Aspiring DJ Cole Carter (Zac Efron) is on a quest to achieve to fame and fortune. (  / Warner Bros.)

Saying you’re a DJ used to conjure up images of radio hosts and men in baseball caps bent over turntables. Nowadays, the job description involves tapping out strokes on a keyboard and bouncing around behind a table. “We Are Your Friends” aims to infuse some heart, both literal and figurative, into the world of electronic dance music (EDM) and the DJs that make it thrive.

The story follows 23-year-old Cole Carter (Zac Efron) as he attempts to find his way out of the San Fernando Valley and into the exclusive world of successful DJing. Cole lives in a pool house with his best friend, Mason (Jonny Weston), a club promoter and small-time drug dealer, along with fellow Valley boys Ollie (Shiloh Fernandez) and Squirrel (Alex Shaffer).

Cole, whose narration opens and closes the film, initially tells us that to become a successful DJ, all you need is “a laptop, some talent and one track” — the latter of which he is desperately working on. On an otherwise typical Thursday night at the club with his pals, Cole meets washed-up DJ James Reed (a deliciously sleazy yet charming Wes Bentley) and his personal assistant/girlfriend, Sophie (Emily Ratajkowski). James takes a shine to Cole after they retreat to an alley to smoke weed (which we later discover has been laced with PCP), taking him under his EDM wing.


Zac Efron, left, stars as Cole, an aspiring young DJ under the tutelage of Wes Bentley’s James, in “We Are Your Friends.” (Tony Rivetti Jr. SMPSP/Warner Bros. Pictures)

For reasons not entirely clear, James allows Cole full use of his impressive studio and house. Cole, in search of his own sound, receives coaching from James, who assures him that one can still be “organic” and make music on a laptop. Cole takes this to heart, attempting to listen to the melody of the world around him, made from the sounds he hears every day (mixed with a fat bass line, of course). All of these discoveries — about his music and himself — lead to a giant music festival that has the potential to change Cole’s life.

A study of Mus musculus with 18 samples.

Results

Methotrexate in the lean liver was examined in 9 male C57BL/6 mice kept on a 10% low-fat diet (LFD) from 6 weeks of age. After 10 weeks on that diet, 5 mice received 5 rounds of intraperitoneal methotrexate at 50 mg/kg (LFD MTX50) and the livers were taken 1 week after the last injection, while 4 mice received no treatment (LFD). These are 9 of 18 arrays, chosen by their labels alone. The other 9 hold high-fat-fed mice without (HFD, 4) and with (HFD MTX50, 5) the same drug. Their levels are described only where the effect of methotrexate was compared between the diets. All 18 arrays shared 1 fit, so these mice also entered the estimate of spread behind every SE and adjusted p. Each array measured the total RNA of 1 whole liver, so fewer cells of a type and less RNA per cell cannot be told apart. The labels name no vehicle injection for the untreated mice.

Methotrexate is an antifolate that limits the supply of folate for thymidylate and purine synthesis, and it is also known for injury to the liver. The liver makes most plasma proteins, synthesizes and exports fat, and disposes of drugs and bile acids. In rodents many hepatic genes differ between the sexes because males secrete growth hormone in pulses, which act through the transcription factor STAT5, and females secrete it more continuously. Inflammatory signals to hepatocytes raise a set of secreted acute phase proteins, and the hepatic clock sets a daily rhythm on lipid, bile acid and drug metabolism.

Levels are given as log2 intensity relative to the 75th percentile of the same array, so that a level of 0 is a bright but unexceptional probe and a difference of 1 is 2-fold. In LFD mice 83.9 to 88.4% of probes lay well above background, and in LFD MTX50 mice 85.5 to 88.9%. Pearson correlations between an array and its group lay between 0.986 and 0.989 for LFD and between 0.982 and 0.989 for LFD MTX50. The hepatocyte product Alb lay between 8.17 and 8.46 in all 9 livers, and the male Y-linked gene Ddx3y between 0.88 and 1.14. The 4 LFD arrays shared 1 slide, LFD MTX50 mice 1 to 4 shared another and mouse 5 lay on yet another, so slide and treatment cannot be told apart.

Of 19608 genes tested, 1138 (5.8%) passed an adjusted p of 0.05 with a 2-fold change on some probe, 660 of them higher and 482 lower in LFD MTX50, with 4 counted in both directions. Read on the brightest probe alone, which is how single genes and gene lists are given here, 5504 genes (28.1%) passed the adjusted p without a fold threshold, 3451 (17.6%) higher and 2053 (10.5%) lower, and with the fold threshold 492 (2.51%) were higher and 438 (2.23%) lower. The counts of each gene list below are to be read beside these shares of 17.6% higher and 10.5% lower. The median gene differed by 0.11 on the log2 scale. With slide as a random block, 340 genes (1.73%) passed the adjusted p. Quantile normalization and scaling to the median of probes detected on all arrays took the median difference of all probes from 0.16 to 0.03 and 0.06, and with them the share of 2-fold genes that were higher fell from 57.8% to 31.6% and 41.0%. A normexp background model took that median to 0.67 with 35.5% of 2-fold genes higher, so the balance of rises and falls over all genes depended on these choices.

But predictably, he runs into a bit of a problem. As the overly generous James continues to help him, Cole falls hard for Sophie, a former Stanford student who has grown increasingly tired of her boyfriend’s drinking.

As Cole works with his newfound patron, he and his friends continue working for a manipulative real estate company owned by Ollie’s friend. But a story line that seems contrived to underscore just how badly Cole wants to break out of his rut suddenly turns into a moralizing lesson about California foreclosures. It’s a sweetly handled but unnecessary distraction in an otherwise music-centric story.

It’s not the only heavy-handed plot device. A shocking death from a drug overdose seems out of place in a script that glorifies its use.

“We Are Your Friends” is the feature directorial debut of Max Joseph, best known as a producer of “Catfish,” the MTV reality show about the potentially deceptive world of online dating. His use of onscreen graphics and animation in “Friends” is distinctive, but it ultimately seems like a gimmick. The first half of the movie uses it with mixed success: A vision of a heart pumping at 128 beats per minute, as if seen through an X-ray, is impressive, while words that pop up onscreen as characters speak them seems cheesy, in the manner of a YouTube lyric video. By the end, though, the original bits fade as easily as one song bleeds into another.

R. At area theaters. Contains coarse language throughout, drug use, sexual content and some nudity. 96 minutes.